Virat Kohli India England Jonny Bairstow
India captain Virat Kohli hits the ball to the boundary on day one of the second Test, November 17, 2016Reuters

Bare pitch, win the toss and bat first – India got what they wanted in this second Test match against England. And after losing their openers early, Virat Kohli and Cheteshwar Pujara settled the home team down, before changing gears wonderfully to put the home team in a real position of strength after the opening day of the first ever Test in Visakhapatnam.

With Sunil Gavaskar predicting the pitch would turn big after the first session on day one – it didn't quite do that – it was no surprise when Kohli, after winning the toss, decided to give England the ball. The plan, as it always is, would have been to bat England out of the game, but that plan faltered a little when KL Rahul, back in the playing XI at the expense of Gautam Gambhir, and Murali Vijay fell to England's two best bowlers – Stuart Broad and James Anderson, back in the team after recovering from a shoulder injury.

Broad first picked up Rahul (0, 5b), out for a duck after hanging out his bat to a widish delivery and finding an edge through to Ben Stokes in the slips.

A few overs later, Murali Vijay (20, 21b, 4x4), looking untroubled and in brilliant form until then, was surprised by a short delivery from Anderson. All the opener could do was try and fend it off, but unfortunately for the batsmen, the ball hit his gloves and looped to Stokes, who took the simplest catch he will ever take.

At 22/2 in 5 overs, India, who gave Jayant Yadav a Test match debut, were in a spot of bother, but Pujara (119, 204b, 12x4, 2x6) and Kohli (151 n.o., 241b, 15x4) calmed the innings down, quelled England's momentum, before slowly swinging it in their favour with some excellent batting against the spinners and pacers – the duo adding 226 runs together.

The slow bowlers came on fairly quickly, from the 11th over, but there are, for now, little signs of the ball turning square. It is still too early, of course, even on this bare, could-crumble-anytime pitch.

With the ball not doing too much, Kohli and Pujara showed their spin-batting chops, using their feet to great effect to take India out of trouble.

There were a couple of hairy moments in the running between wickets – Kohli is about twice as quick as Pujara, so that is no surprise -- but apart from that, none of the England bowlers really threatened the two right-handers, with Alastair Cook already employing defensive tactics by asking Broad to ball well outside off stump in a bid to tempt Kohli into a false shot.

England kept at it in the second session, trying to frustrate Kohli into making a mistake and it worked as well, when the India captain top-edged a pull shot off Ben Stokes while on 56. The ball carried to Adil Rashid at fine-leg, but the England fielder failed to hang on, diving forward. The reaction of the rest of the team said it all, they knew Kohli was going to make them pay.

And boy did he.

From there, the skipper and Cheteshwar Pujara upped the ante, and when the runs started coming, the England bowlers ran out of ideas. Boundaries flowed, the Indian batsmen roared and the sweat poured off the England captain Alastair Cook's brow, as he wondered what was needed to break this partnership – there was a moment in the second session, with Broad bowling, when England had eight fielders on the offside and Pujara still found the boundary through all those men, which pretty much summed up how the session went for the bowling side.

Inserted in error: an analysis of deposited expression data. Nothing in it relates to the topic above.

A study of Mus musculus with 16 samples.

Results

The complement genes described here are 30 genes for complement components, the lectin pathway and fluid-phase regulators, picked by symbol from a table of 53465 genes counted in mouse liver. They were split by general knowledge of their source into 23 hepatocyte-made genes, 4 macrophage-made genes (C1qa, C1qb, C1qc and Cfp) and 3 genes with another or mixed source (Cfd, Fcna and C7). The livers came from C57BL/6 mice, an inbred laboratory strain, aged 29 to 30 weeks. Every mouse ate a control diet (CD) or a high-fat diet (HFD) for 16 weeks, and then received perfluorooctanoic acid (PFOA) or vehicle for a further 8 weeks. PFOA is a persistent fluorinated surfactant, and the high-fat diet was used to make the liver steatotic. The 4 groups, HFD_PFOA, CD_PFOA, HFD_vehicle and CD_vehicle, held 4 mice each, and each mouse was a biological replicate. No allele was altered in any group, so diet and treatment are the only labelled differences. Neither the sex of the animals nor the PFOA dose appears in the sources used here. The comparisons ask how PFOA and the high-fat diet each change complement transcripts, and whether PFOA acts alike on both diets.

Cheteshwar Pujara India England
Cheteshwar Pujara raises his bat after completing his third hundred in three Test matches, November 17, 2016Reuters

There really wasn't much wrong the English bowlers did, the wicket was just nice and flat on day one, and while there were a couple of deliveries that spun or kept a little low off a back-of-a-good length, there weren't enough of those to really alarm the India batsmen, with the second session brought to an end by a stray dog.

Once the dog went and the players came back after tea, it was as you were as Pujara got to his hundred with a six over midwicket and Kohli completed his century with a couple. England, with their heads dropping, were looking for some inspiration from somewhere, and they got that from their all-time leading wicket-taker.

After being hit for a boundary straight back, Anderson got Pujara, with the India batsman edging one to the wicketkeeper while going for a cut shot off a ball that was outside off, but maybe not wide enough.

Kohli, though, at the other end was unmoved, with that determination to go to stumps still batting written clearly on his face. Ajinkya Rahane came in and again showed his susceptibility against spin, but he survived a couple of close moments to stick with Kohli, before the second new ball, only taken in the 89th over, with Anderson and Broad struggling for fitness after such a long day, did the trick.

Rahane did not look comfortable throughout his innings, but it looked like he would survive the day, only for a really, really poor shot, played in the penultimate over of the day, to send him back. Anderson got the ball to swing away, Rahane (23, 61b, 2x4) hung out his bat for absolutely no reason, found the edge and Bairstow did the rest.

That put a bit of a dampener right at the end, even if it still was completely India's day, thanks to Kohli and Pujara.

Scores: India: First innings: 317/4 in 90 overs.

First session: 92/2 in 28 overs

Second session: 118/0 in 28.2 overs.

Third session: 107/2 in 33.4 overs.

Bowling: James Anderson 16-3-44-3; Stuart Broad 12-2-39-1; Ben Stokes 13-3-52-0; Zafar Ansari 12-1-45-0; Adil Rashid 26-1-85-0; Moeen Ali 11-0-50-0.

Fall of wickets: India: 6/1, KL Rahul (1.5 overs); 22/2, Murali Vijay (5 overs); 248/3, Cheteshwar Pujara (66.4 overs); 316/4, Ajinkya Rahane (88.3 overs).